Tim Allwood email@example.com
36 Ellis Gardens
I can be contacted anytime should you want any further information
During 1999 and 2000 I made numerous trips to this small and increasingly degraded and disturbed patch of remnant forest in West Java. This is by far the best place to catch up with some of Java’s lowland forest endemics: White-breasted Babbler, Black-banded Barbet and Javan Sunbird etc. It is also home to a fair variety of other wonderful species such as Banded Broadbill, Banded Kingfisher, Banded Pitta, Crested Jay, Orange-headed Thrush and Javan Hawk Eagle to name but a few. Having said that it’s not the easiest place to bird as it’s popular with schoolchildren and visitors from Jakarta and can seem quite crowded. The area is being selectively logged and even the steepest hillsides are being cleared for cultivation. I saw a fair amount of trapping here with species involved including Black-headed Bulbul, Scaly-crowned Babbler and the West Javan endemic, White-breasted Babbler. A visit here can be combined with a trip to Way Kanan just across the Sunda Strait in South Sumatra, Muara Angke in Jakarta for Sunda Coucal and Javan Plover, or the often overlooked (and difficult to access at present) Ujung Kulon National Park. This latter must surely be one of the most beautiful places on Earth.
To reach Carita take a bus from the Western bus station in Jakarta to either Labuan (overland route 3-4 hrs) or Merak (coastal route 2.5 hrs). These two towns are a short way south and north of Carita respectively. After arrival at the bus station simply charter an ojek (motorcycle-taxi 5000 Rp) or get in a bemo (mini-bus 1500 Rp).
Where to stay etc.
Good places to stay are the Sunset View, Black Rhino or Niguadarma hotels about 50 yards north of the park entrance on the main road. They’re all incredibly cheap and pleasant and the Niguadarma has a nice pool too. There’s an excellent restuarant next door with cold Bintang beer and football on the T.V. at the weekend for those Brits missing home. Several stalls sell Krating Daeng – an industrial strength version of the Red Bull drink and more akin to liquid speed – excellent for those early starts!
The site and the birds
As every visit produces a different birdlist I’ll just give you the bare bones on the specialities. Birding begins as soon as you leave the main road; the short road to the guard’s house skirts a few fields where you may see Javan Kingfisher, Swiftlets (very confusing as Mossy (dark rump), Edible (pale or quite dark rump) and two races of Black-nest – one with a dark rump (Lowe’s Swift) and one with a paler rump, occur in West Java so you’ll soon give up, and Nightjars (Savanna and Large-tailed) at dusk. An unmetalled track continues off to the left a short way after the guard house and passes through secondary forest on its way to the reserve entrance proper. This stretch is great for Banded Pitta – at times they call from all over the place but can be devilishly hard to see. The call is easily imitated and birds respond well. Grey-faced Tit-Babbler - a Javan endemic - can be encountered along here as can Fulvous-chested Jungle Flycatcher, Yellow-bellied Warbler, Rufous Piculet and a few species of flowerpecker incuding Plain. If you’re really lucky you may find an Orange-headed or Chestnut-capped Thrush. At several points along here you can look out across the Sunda Straits and you may get a good view of Krakatau. After about 1 km you reach the entrance post, usually manned but not always. The entrance fee is negligible and the guards here will often invite you to sit with them and share fruit or a coconut. This is a nice way to relax after a morning’s hot tropical birding.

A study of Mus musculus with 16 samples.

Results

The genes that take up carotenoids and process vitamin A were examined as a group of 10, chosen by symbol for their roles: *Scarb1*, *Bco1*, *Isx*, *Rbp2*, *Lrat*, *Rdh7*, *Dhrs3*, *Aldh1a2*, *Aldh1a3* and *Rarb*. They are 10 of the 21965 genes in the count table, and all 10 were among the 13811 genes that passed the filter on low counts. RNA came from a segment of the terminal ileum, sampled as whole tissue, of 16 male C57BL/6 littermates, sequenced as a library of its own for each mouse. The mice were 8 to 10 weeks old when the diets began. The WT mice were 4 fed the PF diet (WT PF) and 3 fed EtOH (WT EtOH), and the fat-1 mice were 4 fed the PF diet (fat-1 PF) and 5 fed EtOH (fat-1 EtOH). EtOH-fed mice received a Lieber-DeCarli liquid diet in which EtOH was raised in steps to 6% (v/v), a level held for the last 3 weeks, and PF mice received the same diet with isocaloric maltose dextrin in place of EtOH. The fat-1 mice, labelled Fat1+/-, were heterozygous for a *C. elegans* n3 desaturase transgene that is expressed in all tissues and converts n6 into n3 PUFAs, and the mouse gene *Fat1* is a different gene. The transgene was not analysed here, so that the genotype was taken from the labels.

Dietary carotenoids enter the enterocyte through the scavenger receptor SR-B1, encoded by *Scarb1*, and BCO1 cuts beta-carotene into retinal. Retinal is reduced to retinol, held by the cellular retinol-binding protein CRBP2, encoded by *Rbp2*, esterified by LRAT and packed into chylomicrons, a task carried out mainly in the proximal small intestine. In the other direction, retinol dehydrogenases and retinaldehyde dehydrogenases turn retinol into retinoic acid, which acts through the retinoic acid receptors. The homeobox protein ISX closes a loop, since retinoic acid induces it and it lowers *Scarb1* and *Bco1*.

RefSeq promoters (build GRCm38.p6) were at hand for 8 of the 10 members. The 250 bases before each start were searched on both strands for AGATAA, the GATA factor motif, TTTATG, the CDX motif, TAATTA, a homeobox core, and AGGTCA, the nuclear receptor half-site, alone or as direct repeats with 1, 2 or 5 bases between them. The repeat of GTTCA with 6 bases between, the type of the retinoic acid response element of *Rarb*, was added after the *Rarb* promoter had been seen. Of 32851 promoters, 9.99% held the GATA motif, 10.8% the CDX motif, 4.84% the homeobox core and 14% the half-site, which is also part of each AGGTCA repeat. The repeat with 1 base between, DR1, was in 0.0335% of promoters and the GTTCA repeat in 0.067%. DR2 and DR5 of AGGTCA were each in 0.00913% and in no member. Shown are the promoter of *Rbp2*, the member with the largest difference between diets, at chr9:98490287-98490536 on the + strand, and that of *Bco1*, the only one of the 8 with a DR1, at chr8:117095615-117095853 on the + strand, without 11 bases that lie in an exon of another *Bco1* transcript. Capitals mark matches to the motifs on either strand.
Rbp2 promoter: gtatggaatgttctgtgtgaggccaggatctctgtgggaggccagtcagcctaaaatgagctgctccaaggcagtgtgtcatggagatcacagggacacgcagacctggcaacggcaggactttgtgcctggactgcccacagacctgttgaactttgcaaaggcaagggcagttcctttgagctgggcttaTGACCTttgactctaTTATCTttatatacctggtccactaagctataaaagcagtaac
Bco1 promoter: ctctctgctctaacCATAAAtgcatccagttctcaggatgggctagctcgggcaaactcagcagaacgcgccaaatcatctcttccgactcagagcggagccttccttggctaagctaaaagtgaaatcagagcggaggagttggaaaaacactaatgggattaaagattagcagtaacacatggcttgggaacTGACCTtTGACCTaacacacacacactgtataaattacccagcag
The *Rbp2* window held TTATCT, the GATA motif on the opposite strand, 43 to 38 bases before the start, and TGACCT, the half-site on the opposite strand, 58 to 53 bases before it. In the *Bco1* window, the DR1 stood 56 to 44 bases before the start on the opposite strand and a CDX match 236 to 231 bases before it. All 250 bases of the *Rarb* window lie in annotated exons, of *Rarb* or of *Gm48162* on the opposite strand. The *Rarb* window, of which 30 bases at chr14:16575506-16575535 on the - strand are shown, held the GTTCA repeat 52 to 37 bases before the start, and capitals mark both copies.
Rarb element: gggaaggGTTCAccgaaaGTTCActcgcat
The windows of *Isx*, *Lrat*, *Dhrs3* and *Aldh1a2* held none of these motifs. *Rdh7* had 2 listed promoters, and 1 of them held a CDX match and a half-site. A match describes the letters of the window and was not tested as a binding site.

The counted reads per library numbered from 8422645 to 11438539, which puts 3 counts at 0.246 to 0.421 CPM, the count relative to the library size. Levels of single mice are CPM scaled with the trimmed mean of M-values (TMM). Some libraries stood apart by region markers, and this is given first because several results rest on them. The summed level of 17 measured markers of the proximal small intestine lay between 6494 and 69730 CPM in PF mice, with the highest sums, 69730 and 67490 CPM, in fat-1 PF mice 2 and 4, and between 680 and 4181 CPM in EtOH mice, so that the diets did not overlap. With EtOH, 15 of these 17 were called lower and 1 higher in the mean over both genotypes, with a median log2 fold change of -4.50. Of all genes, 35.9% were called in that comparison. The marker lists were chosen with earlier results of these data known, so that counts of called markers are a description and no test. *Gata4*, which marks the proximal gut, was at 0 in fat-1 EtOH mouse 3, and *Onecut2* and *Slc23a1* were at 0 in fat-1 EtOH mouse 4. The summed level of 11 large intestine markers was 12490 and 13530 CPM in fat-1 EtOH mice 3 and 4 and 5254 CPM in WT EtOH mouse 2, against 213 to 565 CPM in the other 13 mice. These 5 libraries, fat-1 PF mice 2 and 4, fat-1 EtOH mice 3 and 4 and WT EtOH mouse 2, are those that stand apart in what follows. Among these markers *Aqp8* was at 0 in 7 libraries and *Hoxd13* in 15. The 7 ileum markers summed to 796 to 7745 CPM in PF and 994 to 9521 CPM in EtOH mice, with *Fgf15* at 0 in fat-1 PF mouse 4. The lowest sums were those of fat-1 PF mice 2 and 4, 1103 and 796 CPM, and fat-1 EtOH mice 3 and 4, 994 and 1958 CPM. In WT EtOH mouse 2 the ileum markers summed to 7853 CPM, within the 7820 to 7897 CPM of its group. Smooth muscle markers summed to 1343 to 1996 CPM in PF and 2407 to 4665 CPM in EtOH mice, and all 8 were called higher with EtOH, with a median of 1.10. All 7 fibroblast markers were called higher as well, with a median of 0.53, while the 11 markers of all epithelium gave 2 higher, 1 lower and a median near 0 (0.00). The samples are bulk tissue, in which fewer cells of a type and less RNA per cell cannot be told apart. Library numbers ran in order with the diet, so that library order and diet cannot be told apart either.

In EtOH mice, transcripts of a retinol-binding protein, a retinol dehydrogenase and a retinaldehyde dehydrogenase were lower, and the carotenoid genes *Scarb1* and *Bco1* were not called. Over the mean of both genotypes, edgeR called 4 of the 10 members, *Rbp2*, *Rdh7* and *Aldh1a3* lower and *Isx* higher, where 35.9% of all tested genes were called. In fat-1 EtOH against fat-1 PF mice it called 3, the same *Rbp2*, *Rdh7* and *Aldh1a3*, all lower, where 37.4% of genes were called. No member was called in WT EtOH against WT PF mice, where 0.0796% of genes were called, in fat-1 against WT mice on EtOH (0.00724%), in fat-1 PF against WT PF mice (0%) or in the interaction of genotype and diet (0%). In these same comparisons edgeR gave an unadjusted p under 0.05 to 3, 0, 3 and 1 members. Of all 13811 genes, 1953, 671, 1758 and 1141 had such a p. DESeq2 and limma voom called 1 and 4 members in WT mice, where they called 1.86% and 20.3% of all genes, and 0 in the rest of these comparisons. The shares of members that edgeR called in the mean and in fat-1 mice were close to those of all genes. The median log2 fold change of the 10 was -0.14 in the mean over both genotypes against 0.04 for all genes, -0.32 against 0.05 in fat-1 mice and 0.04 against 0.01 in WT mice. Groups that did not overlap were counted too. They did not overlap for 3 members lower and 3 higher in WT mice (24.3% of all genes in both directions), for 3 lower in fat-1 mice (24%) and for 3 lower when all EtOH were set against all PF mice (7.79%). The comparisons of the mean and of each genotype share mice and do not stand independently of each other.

Around here you can bash through trailside vegetation and get a good view of the valley sides. This is a good way to get views of flocks moving through the forest and you may also see barbets and leafbirds perched up and Grey-rumped Treeswifts in the valley. Raptors from here could include Cresrted Serpent Eagle, Oriental/Crested Honey Buzzard or even Javan Hawk Eagle if it’s your lucky day. It’s also possible to clamber down to the river and wade up to the waterfall (see later) giving you a different perspective on the area.
After the entrance post the condition of the forest improves and so does the birding. Note though that this track is at times very muddy and may be impassable after heavy floods. Treefalls are not uncommon here (I experienced a couple, rather too close for comfort) as the forest is on a steep slope and there seems to be a fair bit of erosion, so watch out! Never saw a leech though so there are some bonuses. This is the best area to find White-breasted Babbler, Crested Jay, Blue-eared and Black-banded Barbets, Velvet Nuthatch, Chestnut-breasted Malkoha, minivets, babblers, spiderhunters, bulbuls (including Grey-headed if you’re lucky) and others. I also saw a Leopard Cat and cubs, Ebony leaf monkeys and several snakes here.
After an hours walk the trail comes to an end at a waterfall. This area was nearly always full of schoolchildren camping and accordingly, very noisy. You will soon become the centre of attention and be called upon to sit for several photos. You’ll probably need a rest by this stage so why not? It’s possible to continue walking up the usually fairly dry river-bed for a few hundred metres and the forest here is exceptionally beautiful. Now you can turn around and have a leisurely walk back to town with a second chance to catch anything missed on the way up. It’s also possible to go night birding here and there’s a decent list of species. Regulars include Javan Frogmouth and Collared Scops Owl.